Six hours before American Pharoah ran away with the Triple Crown, I was lucky enough to meet William Nack, author of Secretariat: The Making of a Champion, a man who gambled his career on a biography of a horse and won.
Nack sat on the “Biographies of Non-Persons” panel at the sixth annual Biographers International Conference—held recently at the National Press Club in Washington, D.C. (Later that afternoon, as American Pharoah entered the starting gate, I spoke on a panel titled “Biographer for Hire,” which focused on the increasing demand for corporate histories, oral histories and “as told to” autobiographies.)
The “Non-Persons” panel also included Marc Leepson (author of Flag: An American Biography) and Scott Martelle (author of Detroit: A Biography). As promised by the program description, the trio debated “the virtues, benefits, challenges, and limitations involved in adopting the biographical narrative structure to write about the life cycle of a non-person.”
For Nack, the biography of Secretariat incorporated the horse’s breeding and parentage, but its success rested on Nack’s time spent in the stables, interviewing and understanding the many colorful people who surrounded the chestnut athlete. For Martelle, statistics spoke most loudly, chronicling the birth and near-death of the Motor City through aggregated data as well as the very human sins of “racism, fear, greed and avarice” that Martelle connects to this aggregate. For Leepson, understanding America’s obsession with “a grand old rag” involved polemicists as well as the people who shaped its evolution, unraveling the myths of its origin story.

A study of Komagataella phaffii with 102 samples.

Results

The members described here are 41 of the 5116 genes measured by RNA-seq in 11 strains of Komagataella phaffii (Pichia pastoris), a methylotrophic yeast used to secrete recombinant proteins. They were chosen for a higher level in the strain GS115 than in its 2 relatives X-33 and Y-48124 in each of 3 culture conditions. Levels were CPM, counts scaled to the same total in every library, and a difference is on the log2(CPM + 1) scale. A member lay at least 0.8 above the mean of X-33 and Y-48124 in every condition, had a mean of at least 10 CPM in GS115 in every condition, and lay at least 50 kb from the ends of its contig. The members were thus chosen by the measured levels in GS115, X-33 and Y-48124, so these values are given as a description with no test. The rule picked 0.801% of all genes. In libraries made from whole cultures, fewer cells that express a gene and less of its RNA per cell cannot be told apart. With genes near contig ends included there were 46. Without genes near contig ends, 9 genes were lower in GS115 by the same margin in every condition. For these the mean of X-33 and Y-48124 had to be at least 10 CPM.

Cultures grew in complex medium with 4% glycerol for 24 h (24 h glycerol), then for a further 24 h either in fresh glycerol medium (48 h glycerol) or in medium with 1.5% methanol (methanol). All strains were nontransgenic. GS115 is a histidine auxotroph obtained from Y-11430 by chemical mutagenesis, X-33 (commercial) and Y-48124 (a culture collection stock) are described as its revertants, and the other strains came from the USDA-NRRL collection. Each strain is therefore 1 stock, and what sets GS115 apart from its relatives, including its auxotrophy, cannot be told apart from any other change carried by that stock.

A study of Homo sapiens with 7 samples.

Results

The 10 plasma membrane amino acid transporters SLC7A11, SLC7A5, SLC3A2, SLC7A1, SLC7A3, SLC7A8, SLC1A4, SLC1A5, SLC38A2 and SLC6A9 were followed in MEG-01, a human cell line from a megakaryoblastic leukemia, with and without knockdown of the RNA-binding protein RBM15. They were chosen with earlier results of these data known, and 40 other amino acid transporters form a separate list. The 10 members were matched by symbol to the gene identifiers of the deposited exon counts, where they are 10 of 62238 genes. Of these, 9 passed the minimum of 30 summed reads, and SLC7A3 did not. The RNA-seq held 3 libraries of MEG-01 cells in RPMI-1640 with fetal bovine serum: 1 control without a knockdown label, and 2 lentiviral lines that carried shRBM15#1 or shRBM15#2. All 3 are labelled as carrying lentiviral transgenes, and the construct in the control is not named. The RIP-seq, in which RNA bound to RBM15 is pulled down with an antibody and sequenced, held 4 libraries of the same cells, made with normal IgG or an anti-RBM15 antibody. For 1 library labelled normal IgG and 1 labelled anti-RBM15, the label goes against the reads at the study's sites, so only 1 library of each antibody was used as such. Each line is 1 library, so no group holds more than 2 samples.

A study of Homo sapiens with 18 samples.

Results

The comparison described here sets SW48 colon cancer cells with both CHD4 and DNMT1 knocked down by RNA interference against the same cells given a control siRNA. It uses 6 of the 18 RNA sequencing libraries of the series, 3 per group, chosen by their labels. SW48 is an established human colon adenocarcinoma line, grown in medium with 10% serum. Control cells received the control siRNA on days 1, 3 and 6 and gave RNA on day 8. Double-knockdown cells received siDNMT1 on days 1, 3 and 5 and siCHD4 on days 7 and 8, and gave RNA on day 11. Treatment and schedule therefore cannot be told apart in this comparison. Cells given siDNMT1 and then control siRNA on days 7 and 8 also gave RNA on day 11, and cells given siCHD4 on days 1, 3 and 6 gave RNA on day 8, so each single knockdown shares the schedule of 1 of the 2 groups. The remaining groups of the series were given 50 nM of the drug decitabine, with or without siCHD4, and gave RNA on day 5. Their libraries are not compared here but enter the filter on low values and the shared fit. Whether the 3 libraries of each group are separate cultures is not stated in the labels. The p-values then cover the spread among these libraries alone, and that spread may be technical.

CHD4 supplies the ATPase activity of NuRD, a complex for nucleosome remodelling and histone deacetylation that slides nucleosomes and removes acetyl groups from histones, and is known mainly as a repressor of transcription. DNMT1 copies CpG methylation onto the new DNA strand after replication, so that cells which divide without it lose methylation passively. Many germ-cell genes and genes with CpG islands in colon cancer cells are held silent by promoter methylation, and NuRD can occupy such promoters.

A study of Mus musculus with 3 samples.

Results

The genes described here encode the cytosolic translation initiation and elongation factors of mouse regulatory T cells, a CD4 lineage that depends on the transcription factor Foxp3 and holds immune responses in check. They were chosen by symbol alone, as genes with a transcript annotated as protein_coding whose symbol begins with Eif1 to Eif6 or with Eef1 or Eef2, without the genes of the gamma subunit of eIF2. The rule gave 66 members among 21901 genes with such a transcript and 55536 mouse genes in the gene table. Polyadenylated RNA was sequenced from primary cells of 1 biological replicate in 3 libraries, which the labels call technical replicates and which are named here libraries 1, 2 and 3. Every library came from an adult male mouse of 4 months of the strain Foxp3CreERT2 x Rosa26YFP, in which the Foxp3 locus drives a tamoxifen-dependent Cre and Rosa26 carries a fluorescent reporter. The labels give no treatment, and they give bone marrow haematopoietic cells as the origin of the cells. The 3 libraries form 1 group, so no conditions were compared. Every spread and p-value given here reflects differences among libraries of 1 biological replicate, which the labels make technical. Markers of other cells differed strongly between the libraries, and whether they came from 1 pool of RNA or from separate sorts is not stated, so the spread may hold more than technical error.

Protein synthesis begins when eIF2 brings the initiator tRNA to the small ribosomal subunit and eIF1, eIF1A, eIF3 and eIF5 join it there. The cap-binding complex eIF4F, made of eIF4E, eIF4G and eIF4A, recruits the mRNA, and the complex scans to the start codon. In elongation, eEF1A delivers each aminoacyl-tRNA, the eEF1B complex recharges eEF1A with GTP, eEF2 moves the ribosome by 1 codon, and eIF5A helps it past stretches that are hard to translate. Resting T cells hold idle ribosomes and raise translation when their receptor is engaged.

Over lunch, National Book Award- and Pulitzer Prize-winner Taylor Branch, most famous for his monumental trilogy, America in the King Years, and his eight-year oral history project with President Bill Clinton, treated us to a keynote address on his life’s work. In an earlier interview, Branch summed up his approach to crafting thousands of pages of material on the civil rights movement:
. . . Most of the books I read seemed to me analytical and argumentative, reinventing new labels of analysis. And I felt that they didn’t have the power to really describe what happened at the personal level. . . . And so I really resolved from some lessons out of my experience that I wanted to try to keep it at a storytelling level and follow the stories wherever they went. . . . I followed storytelling, but it tumbled me off into more worlds than I’d planned on.
This was the key insight that I gleaned from the BIO Conference: offering some new analytical argument based primarily on existing research can’t help but fall short. To truly understand a subject—a person, an organization or an inanimate object—it’s necessary to engage personally, through observation and conversation, and listen to that which speaks.